10/12/14

Rhetorical Analysis Essay

Anna Quindlen expresses in The C Word in the Hallways, her personal feelings about mental
illness in young people and how society should stop dismissing it as a character flaw. Using
argumentative tone to show that society is to blame for lack of proper care and understanding of
todays mental youth, Quindlen poses moving it from the margins of care an into the mainstream
where it belongs, as her solution. Throughout the entire essay, Quindlen uses rhetorical strategies like
imagery and syntax to make the reader feel for her personal view of the topic and her proposed
solution.
Quindlen shows how society dismisses our mental youth as just a character flaw by using
imagery, and allusions to what we hear from the biased view of our society. By Anna stating that adults
view of mental illness is composed of viewpoints like what in the world does a 16-year-old have to have
to be depressed about, shows the reader that a biased view can affect societys opinion on this
problem. With Quindlens use of syntax when talking about the challenges faced when trying to get
help, we are shown that not only does societys view affect our youth seeking help but also problems in
the mental-health system contribute as well. By Quindlen writing about the mental-health system being
marginalized by shame, ignorance, custom, the courts, even by business practice helps the reader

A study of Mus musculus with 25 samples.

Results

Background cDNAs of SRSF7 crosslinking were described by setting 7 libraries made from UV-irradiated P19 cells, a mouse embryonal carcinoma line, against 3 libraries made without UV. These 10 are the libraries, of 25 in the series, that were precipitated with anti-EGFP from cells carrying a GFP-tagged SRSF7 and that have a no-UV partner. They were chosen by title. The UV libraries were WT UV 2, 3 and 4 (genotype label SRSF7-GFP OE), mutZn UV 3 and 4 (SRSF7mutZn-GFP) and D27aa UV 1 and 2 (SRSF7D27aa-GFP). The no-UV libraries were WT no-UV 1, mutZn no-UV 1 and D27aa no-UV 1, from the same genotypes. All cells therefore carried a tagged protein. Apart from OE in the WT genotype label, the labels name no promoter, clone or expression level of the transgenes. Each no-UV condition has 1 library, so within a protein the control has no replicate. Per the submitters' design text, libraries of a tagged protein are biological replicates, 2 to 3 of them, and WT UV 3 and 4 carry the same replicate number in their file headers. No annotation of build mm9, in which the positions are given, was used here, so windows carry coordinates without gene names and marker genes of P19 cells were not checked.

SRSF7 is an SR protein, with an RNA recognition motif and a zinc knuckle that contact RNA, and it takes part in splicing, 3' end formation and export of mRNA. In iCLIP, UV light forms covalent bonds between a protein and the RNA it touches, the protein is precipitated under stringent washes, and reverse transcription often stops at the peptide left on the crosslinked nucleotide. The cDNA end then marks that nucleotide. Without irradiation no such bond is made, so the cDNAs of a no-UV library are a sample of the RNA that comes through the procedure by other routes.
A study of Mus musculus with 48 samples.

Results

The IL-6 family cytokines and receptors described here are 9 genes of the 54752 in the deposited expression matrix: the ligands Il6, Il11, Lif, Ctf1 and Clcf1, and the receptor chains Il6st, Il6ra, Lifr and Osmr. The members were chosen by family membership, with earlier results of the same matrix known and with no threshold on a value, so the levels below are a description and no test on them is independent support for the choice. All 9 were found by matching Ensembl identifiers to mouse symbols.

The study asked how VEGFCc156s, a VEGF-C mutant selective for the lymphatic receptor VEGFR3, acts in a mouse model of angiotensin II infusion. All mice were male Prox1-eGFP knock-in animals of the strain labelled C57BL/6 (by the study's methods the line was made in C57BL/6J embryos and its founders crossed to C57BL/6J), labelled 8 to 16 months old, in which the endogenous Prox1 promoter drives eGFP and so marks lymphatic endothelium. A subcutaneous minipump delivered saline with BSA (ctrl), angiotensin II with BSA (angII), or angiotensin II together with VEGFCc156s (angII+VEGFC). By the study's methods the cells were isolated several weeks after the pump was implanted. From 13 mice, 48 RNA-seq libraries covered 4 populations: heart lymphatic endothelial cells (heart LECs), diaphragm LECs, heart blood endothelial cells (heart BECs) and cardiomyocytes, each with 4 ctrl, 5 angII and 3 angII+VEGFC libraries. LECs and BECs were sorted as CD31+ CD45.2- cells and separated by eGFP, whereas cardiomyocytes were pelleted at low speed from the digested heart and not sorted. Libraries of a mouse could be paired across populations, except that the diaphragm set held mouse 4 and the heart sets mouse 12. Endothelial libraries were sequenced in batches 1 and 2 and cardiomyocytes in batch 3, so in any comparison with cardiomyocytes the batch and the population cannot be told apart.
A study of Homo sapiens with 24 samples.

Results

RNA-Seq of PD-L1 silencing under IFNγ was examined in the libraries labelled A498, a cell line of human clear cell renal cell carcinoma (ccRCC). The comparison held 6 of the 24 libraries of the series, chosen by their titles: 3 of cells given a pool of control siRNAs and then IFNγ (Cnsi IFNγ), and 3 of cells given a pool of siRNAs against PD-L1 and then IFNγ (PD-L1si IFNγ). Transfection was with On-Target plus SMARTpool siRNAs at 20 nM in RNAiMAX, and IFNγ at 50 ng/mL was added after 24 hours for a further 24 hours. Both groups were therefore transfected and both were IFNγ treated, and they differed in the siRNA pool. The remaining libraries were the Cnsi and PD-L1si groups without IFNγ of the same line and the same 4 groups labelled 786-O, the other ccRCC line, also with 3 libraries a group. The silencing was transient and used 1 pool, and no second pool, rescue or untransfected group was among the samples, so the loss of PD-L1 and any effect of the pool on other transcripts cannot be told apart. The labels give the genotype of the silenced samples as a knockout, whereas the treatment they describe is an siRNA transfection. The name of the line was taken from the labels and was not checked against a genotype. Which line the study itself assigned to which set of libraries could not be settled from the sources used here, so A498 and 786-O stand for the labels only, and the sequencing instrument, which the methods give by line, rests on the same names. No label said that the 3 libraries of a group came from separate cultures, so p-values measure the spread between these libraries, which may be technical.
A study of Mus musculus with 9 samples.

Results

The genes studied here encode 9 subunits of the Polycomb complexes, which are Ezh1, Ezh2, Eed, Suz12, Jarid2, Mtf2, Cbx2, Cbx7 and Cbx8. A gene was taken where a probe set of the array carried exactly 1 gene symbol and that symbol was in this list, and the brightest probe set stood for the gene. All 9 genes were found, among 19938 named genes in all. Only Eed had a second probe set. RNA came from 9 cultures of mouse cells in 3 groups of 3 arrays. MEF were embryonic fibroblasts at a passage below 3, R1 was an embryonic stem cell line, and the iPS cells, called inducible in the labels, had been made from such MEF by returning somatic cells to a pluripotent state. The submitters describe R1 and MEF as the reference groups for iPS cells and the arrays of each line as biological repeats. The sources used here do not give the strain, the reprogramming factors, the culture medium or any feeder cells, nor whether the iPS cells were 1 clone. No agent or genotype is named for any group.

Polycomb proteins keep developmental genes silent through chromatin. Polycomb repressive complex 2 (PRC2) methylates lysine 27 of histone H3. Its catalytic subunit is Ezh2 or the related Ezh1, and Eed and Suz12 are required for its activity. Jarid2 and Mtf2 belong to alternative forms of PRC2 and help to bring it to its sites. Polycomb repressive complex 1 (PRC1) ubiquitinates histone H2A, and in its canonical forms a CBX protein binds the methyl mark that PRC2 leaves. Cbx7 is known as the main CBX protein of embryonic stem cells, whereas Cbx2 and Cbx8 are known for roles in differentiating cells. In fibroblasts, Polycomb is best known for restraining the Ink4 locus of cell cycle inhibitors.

understand what problems are faced when seeking help.
In the sixth paragraph, Quindlen uses tone in a comical way to establish with the reader the
effect of not helping youth with mental illness. Writing that psychological intervention is cheaper than
incarceration, Quindlen makes the reader consider that treatment of our mental youth will be of help.
As a reader, Quindlen convinces us through diction that it is difficult for us to recognize the actual
mental youth in or society. By explaining that parents are afraid, and ashamed, Quindlen targets
adults, parents, and society as a whole, making the reader feel for her view. By Quindlen bringing in our
emotions to the problem, making us feel as partly to blame, we are convinced to consider and concede
her view of the problem.
Throughout the context of the essay, Quindlens use of rhetorical analysis helps the reader
establish a basis of understanding and emotion towards the topic. As readers, we are shown how
mental illness is a problem and how society views it as a character flaw, Quindlen uses diction to make
us susceptible to her viewpoint. With a strong overall tone, Quindlen makes her points stronger,
allowing the reading to be accepting of her proposed solutions/problems.